Federal judge tosses out lawsuit over denial of domain names

Monday, November 13, 2000

A federal judge has dismissed the lawsuit of a New York business which
alleges its First Amendment rights were violated when a company that registers
Internet domain names denied its applications.

Island Online Corp., which provides adult content on the Web, sued in
October 1999, after Network Solutions, Inc., refused to register three domain
names, “f—me.com,” “f—you.com” and “c—suckers.com.”

Network Solutions notified Island Online that it was rejecting the
applications because they violated the company’s 1996 anti-obscenity policy. In
April 1999, Network Solutions notified Island Online of the denial by e-mail:

“Network Solutions has a right founded in the First Amendment to the
Constitution to refuse to register, and thereby publish, on the Internet
registry of domain names words that it deems to be inappropriate.”

Island Online then filed its lawsuit in federal court, alleging a
violation of its First Amendment rights. Network Solutions filed a motion to
dismiss the suit, claiming that there was no governmental involvement and no
state action which could trigger constitutional protections.

Island Online pointed out that in 1993, Network Solutions had entered
a “cooperative agreement” with the National Science Foundation, a federal
agency, under which NSI began the task of registering Internet domain names. In
legal papers, Island Online alleged: “NSI is a state actor acting under color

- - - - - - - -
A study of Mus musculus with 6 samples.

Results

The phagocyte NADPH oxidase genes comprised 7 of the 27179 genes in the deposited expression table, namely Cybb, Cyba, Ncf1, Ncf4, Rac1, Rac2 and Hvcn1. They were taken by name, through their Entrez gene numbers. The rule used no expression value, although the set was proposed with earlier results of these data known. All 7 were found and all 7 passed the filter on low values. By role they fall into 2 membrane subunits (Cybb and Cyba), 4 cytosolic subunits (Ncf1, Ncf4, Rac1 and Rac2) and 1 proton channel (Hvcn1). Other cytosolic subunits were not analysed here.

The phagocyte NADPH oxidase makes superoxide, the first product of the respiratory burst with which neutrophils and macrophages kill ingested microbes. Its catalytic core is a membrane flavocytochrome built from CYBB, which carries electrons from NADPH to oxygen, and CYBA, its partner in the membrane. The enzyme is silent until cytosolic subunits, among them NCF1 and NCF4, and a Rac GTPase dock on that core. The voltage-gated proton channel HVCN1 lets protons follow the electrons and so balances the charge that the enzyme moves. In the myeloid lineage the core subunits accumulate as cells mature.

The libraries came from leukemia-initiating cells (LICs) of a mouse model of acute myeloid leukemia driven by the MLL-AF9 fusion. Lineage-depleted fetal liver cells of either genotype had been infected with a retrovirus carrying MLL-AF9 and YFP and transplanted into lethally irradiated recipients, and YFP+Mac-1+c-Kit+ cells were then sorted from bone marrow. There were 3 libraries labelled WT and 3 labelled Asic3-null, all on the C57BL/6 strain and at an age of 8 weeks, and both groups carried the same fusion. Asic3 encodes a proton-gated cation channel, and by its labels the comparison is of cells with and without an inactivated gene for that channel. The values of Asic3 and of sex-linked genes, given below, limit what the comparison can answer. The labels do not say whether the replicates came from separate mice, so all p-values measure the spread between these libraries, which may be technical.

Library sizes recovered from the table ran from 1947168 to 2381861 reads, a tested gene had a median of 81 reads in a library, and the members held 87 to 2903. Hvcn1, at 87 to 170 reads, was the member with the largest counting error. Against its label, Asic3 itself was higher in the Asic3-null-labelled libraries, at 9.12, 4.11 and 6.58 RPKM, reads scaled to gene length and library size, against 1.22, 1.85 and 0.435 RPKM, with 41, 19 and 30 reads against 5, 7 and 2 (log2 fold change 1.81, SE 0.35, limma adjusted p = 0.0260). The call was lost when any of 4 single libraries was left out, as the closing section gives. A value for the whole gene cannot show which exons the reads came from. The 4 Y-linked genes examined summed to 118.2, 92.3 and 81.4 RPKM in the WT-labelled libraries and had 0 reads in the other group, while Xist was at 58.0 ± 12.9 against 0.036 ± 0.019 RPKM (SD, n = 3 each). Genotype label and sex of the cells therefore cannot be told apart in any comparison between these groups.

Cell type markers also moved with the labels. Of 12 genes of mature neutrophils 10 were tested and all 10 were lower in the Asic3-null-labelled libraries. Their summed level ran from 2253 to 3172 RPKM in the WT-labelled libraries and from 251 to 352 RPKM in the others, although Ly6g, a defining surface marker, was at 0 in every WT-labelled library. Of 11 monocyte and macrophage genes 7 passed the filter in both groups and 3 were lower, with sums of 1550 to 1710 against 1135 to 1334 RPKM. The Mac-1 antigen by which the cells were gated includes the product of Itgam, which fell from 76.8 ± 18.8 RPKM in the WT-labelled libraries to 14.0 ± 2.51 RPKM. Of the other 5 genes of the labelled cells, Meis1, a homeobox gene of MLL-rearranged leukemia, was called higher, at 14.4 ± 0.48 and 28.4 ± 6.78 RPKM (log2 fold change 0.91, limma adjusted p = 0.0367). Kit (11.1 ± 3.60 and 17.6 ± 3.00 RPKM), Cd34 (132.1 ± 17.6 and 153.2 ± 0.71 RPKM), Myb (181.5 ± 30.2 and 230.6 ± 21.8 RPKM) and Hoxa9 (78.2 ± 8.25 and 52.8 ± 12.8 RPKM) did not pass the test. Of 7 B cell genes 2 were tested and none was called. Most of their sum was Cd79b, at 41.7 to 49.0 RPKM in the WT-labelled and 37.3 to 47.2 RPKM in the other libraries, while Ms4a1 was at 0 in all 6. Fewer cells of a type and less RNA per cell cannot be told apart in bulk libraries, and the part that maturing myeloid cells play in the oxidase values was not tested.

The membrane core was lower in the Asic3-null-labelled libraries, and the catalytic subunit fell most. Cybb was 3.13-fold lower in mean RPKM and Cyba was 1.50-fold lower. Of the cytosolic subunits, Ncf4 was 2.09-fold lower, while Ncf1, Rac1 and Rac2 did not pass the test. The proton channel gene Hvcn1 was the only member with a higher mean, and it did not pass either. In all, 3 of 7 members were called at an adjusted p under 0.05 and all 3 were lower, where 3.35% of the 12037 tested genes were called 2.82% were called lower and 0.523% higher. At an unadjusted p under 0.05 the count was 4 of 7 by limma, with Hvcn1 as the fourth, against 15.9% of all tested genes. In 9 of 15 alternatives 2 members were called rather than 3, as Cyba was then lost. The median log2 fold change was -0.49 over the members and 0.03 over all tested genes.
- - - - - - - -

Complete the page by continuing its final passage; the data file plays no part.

of state law because NSI performs a function that is a traditional role of the
State — registration of business names.”

On Nov. 6, U.S. District Judge David Trager sided with NSI and found
no state action.

Trager wrote that “registration of Internet domain names, the focal
point of this case, has never been a public function.”

The judge also determined that there was not a sufficiently “close
nexus” between NSI and the government to warrant a finding of state action.
“Beyond knowing of its involvement, NSF had absolutely no involvement with
NSI’s obscenity policy.”

The judge concluded: “NSI’s obscenity policy is purely private conduct
in which the NSF and the relationship between the two entities play no

Daniel Marotta, attorney for Island Online, said there is state action
sufficient to trigger First Amendment protection. “For example, the government
dictates whether NSI can expand top-level domain names, and the government
mandates that NSI register all [domain names] submitted by other
registrars,” he said. “Although the government is now trying to
relinquish its control over domain name registration, at the time we filed our
application the registration process was being closely held by one company
(NSI) under the supervision of the government,” Marotta said. “At the time we
filed for our domain names, NSI was the sole registrar of domain names.